What can I do about a menacing charge?
I am separated from my wife, and will be filing for divorce. She recently filed a complaint to the sheriff’s office and I was charged with menacing. The police never interviewed me’ all I got was the court papers in the mail stating I was charged with menacing and a court date. Is this legal? Can a person really just file a complaint and then next thing you know you are charged? Can I file a complain for defamation of character or filing a false police report?
Asked on September 15, 2015 under Criminal Law, Ohio
B.H.F., Member, Texas State Bar / FreeAdvice Contributing Attorney
Answered 5 years ago | Contributor
Unfortunately, the beginning of the criminal process can be as minimal as you describe.  If someone files a complaint and the cops believe, they can file charges without ever interviewing you or asking you to give your side of the story.  The minimal requirements needed to file a charge and potentially ruin someone's life are probably one of the most glaring flaws of our justice system.
On that note, however, the minimal filing requirements do not necessarily mean that is all that will be required to convict you.  The standard for review is much higher.
This issue you face right now, though, is how to deal with the process in between.  You have a couple of different options.  The first you have tried to invoke.  So many people invoke their right to remain silent, that law enforcement often assumes that you don't want to give a statement.  If you are able to give a statement and present some evidence to the investigating officer, they can forward a supplemental report to the prosecuting attorney.  It looks like you've already tried to invoke this.... but it's still an option but you may be able to invoke.  You can hire an attorney to help arrange and interview and go with you to give a statement.  Often, local defense attorneys will have a direct line to many of the investigating officers and can be a bit more successful in facilitating that meeting.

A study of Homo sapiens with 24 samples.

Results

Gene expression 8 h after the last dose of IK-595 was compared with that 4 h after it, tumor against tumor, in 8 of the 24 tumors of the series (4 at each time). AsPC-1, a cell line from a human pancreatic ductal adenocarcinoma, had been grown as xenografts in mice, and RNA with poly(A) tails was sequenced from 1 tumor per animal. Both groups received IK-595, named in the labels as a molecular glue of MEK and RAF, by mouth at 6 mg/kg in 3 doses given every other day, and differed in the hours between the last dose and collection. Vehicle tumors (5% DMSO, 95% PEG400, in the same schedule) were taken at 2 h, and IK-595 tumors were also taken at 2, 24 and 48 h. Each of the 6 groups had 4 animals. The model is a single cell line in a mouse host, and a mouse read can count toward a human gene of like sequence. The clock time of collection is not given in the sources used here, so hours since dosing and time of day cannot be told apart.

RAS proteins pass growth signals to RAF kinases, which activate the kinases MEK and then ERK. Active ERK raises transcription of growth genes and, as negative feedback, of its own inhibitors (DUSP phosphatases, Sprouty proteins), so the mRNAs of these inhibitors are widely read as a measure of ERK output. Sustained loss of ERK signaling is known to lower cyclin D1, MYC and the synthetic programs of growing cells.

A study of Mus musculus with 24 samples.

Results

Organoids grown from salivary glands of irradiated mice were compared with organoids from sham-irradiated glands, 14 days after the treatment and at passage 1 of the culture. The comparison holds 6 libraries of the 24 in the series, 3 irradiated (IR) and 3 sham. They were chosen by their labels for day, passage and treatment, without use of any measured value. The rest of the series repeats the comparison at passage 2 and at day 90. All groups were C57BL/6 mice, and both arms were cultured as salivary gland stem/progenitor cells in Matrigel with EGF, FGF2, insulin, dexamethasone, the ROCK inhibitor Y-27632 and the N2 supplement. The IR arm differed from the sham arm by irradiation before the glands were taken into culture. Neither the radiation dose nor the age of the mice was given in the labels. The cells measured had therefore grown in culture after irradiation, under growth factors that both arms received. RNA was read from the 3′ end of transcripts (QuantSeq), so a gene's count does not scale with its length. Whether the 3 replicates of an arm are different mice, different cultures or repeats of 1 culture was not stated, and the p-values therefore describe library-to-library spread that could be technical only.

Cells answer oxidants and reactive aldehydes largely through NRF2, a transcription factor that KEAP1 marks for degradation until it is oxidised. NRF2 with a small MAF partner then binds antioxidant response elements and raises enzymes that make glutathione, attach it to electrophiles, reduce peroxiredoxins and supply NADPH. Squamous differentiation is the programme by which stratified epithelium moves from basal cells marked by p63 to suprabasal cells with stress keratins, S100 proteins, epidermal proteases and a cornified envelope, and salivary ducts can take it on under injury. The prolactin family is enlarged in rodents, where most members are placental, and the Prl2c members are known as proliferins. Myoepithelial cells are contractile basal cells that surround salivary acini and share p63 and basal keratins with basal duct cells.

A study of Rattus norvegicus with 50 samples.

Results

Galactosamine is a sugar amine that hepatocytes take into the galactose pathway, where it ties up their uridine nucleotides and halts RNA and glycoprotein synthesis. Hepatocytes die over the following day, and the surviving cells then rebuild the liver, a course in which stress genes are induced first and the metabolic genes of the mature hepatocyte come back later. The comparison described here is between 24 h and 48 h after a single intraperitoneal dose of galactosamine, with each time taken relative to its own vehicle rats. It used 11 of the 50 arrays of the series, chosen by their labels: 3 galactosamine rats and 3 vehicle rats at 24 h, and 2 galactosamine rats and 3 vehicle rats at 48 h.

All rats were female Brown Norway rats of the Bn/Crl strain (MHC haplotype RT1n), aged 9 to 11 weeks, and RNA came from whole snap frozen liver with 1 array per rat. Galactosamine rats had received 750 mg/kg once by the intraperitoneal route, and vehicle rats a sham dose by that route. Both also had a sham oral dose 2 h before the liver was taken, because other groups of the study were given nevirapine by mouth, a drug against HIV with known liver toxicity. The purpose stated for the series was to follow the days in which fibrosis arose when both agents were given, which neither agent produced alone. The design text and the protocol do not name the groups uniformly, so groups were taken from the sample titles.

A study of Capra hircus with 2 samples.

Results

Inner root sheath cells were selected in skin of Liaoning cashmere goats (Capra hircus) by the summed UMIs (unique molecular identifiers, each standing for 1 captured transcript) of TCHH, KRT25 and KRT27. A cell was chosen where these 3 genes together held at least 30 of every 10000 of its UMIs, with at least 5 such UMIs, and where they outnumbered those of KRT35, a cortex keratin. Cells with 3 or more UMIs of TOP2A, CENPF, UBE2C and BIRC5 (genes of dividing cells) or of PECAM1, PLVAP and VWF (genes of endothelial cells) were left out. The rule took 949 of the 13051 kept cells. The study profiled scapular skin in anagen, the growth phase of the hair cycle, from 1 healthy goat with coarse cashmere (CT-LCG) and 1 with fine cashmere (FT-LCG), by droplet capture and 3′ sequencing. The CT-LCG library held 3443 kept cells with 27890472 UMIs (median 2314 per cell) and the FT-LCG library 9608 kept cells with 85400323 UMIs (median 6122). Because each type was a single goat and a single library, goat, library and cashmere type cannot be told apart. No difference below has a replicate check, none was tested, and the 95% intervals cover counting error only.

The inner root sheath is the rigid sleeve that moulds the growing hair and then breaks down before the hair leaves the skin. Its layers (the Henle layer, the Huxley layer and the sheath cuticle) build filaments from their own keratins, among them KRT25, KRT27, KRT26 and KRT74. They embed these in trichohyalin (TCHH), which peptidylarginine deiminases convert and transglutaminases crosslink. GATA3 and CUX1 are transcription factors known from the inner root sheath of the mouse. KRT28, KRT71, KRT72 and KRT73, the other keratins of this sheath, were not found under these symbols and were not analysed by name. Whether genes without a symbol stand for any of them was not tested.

Your second option is make an open records request directing to the investigating agency.  This won't make the case go away... but at least it will give you an idea of what they are basing the charges on.  If you have a friend that is willing to make the request for you, you will have a better chance of getting the report while the charges are still pending--- because sometimes they don't like giving reports to defendants prior to court.
You can also go to the clerk of the court and request a copy of the documents that are currently on file.  Sometimes the court's file will also include a copy of affidavits used to support the charges against you.
So... the previous steps were more about gathering info... after you have a better idea of what you are facing, you can start working on shutting down the charges.  You can attempt to represent yourself, but you run the risk of improper evidence being used against you or you making a statement to the prosecutor that could be used against you later.  If you cannot afford an attorney, talk to the court about obtaining a court appointed attorney.
You mention filing a complaint for defamation of character and false report.  These are options that you can invoke.  However, visit with a criminal defense attorney before you do.  Normally you cannot be compelled to give evidence against yourself... .however, if you file a defamation suit, then you could potentially waive that priviledge.  This means that the prosecutor would have access to the same info if the defamation case was pending at the same time your criminal charge was pending.  It's usually best to wait until after the criminal charges are resolved to file a defamation suit-- unless you start to his a statute of limitations issue.